One of the most important lessons I’ve learned over the past couple of years is that none of us are alone. No person’s experience is the same as that of any other, of course, but as I’ve grown into myself, I’ve found joy in realizing that perhaps the way we’re all connected — or maybe all the same — is that very few of us have a deep-seated, unshakeable knowledge of exactly who we are and how we should or want to go about expressing that. I know I don’t, and I’m finally OK with that.
I used to look for people whose experiences mirrored my own as sources of comfort. I’d look for the late bloomers who had found happiness, the people who didn’t know what they wanted from life in their 20s who had eventually stumbled onto something magical, the fellow ex-Mormons who had finally been able to move on, as if everything I’d dreamed of or thought maybe I wanted was just around the corner, waiting for me to find it.
What I know now, and what sounds painfully obvious in retrospect, is that I can’t hold myself accountable to someone else’s path through life. Everything that’s ever happened to me and everything I’ve ever caused to happen is what has led me to where I am today and I can’t change that. Nor would I want to, for the most part. For as frustrating and challenging as it’s sometimes been to question myself at every turn — especially as I’ve tried to figure out who I am besides “Mormon” and then “ex-Mormon” — all of that mind-changing and experimentation has led to incredible experiences I wouldn’t trade for the world.
Those are some of the lessons reflected in Katie Heaney’s “Would You Rather?” — a memoir about Heaney coming into her own as a gay woman. I picked up the book at Powell’s City of Books in Portland (of course) and walked a few blocks to Momo’s, a friendly bar with a Secret Garden-like patio, to read it. I stayed until dark and sat outside my hostel’s cafe the next morning until I finished it.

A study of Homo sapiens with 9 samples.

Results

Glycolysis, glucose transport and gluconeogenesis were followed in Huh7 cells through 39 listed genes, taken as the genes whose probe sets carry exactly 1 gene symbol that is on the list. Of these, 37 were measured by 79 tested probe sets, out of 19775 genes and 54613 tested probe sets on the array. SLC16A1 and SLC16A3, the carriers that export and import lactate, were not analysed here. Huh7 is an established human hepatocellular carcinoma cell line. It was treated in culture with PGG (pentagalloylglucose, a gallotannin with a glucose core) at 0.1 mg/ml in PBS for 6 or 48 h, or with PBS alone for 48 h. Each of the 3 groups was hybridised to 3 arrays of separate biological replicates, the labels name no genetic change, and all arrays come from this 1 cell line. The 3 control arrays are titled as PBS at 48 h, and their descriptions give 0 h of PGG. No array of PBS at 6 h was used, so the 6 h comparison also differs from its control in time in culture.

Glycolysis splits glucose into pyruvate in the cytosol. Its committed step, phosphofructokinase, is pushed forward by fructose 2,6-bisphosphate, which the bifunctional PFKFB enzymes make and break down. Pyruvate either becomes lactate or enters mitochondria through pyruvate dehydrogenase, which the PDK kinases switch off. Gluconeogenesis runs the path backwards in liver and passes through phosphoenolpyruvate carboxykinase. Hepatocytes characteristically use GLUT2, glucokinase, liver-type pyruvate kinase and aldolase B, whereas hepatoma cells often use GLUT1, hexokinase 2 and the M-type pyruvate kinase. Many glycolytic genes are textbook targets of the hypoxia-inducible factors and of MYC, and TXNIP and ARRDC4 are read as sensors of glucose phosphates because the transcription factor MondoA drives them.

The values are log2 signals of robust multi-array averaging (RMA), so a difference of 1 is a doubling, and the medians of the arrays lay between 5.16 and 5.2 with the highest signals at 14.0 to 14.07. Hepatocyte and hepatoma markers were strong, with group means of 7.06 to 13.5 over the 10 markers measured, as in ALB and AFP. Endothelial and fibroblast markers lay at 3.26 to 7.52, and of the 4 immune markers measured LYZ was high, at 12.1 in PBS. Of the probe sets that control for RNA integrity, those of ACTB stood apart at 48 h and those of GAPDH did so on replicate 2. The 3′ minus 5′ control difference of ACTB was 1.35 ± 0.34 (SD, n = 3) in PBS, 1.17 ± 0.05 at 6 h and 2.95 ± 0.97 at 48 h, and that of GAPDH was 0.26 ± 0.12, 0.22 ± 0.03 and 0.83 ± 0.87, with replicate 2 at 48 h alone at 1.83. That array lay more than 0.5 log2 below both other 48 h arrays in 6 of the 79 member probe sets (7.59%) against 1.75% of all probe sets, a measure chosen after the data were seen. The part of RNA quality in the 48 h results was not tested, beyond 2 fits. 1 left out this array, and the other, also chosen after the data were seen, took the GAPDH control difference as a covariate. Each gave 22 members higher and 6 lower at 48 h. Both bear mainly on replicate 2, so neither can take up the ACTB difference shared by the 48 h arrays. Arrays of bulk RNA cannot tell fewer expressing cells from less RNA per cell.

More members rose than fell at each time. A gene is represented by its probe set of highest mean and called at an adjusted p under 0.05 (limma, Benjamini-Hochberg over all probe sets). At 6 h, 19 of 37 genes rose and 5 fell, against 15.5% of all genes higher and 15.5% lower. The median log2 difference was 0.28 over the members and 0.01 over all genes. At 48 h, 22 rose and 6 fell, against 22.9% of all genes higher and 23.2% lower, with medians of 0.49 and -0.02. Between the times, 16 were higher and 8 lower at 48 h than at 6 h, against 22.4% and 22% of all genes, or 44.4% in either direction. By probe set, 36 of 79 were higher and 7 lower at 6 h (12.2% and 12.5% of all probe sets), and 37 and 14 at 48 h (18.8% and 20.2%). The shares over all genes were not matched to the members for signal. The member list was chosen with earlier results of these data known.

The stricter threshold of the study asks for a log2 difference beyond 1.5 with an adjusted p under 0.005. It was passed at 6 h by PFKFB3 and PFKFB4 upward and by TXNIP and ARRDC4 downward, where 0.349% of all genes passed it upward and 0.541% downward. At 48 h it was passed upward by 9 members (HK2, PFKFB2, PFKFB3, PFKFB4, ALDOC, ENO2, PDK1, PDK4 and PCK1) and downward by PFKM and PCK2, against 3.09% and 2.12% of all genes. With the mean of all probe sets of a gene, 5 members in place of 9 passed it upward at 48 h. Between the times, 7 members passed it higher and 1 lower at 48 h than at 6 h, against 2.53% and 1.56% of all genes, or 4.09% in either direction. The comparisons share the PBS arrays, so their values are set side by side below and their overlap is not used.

This was one of those books I immediately wished I could experience for the first time again upon finishing it. The long, tortured years of questioning your sexuality. The timid hints dropped to friends to gauge their reactions and your own. The experimentation with queer fashion as if maybe if you just looked more queer, you ‘d finally feel like you belong.
I hesitate to put the weight of my own experiences on any author’s shoulders; their lives are theirs and theirs alone. But Heaney so perfectly captured my own evolution from awkward, confused straight girl to awkward, confused queer girl to sometimes-awkward, often confident queer girl that it felt as though I were reading a book written just for me.
The author writes in the book about not wanting to disappoint her readers if they can no longer relate to her; I found the overall lessons of the book to be far more universally relatable than the queer angle alone, although I obviously relate to that. Queer or straight, most of us can relate to having felt confused or alone and unable to figure out who we are or what we’re meant to do on this planet. “Would You Rather?” so perfectly captures that feeling and the trial and error of working through it that I can’t imagine Heaney’s straight readers wouldn’t be able to find a way to relate to her, as well.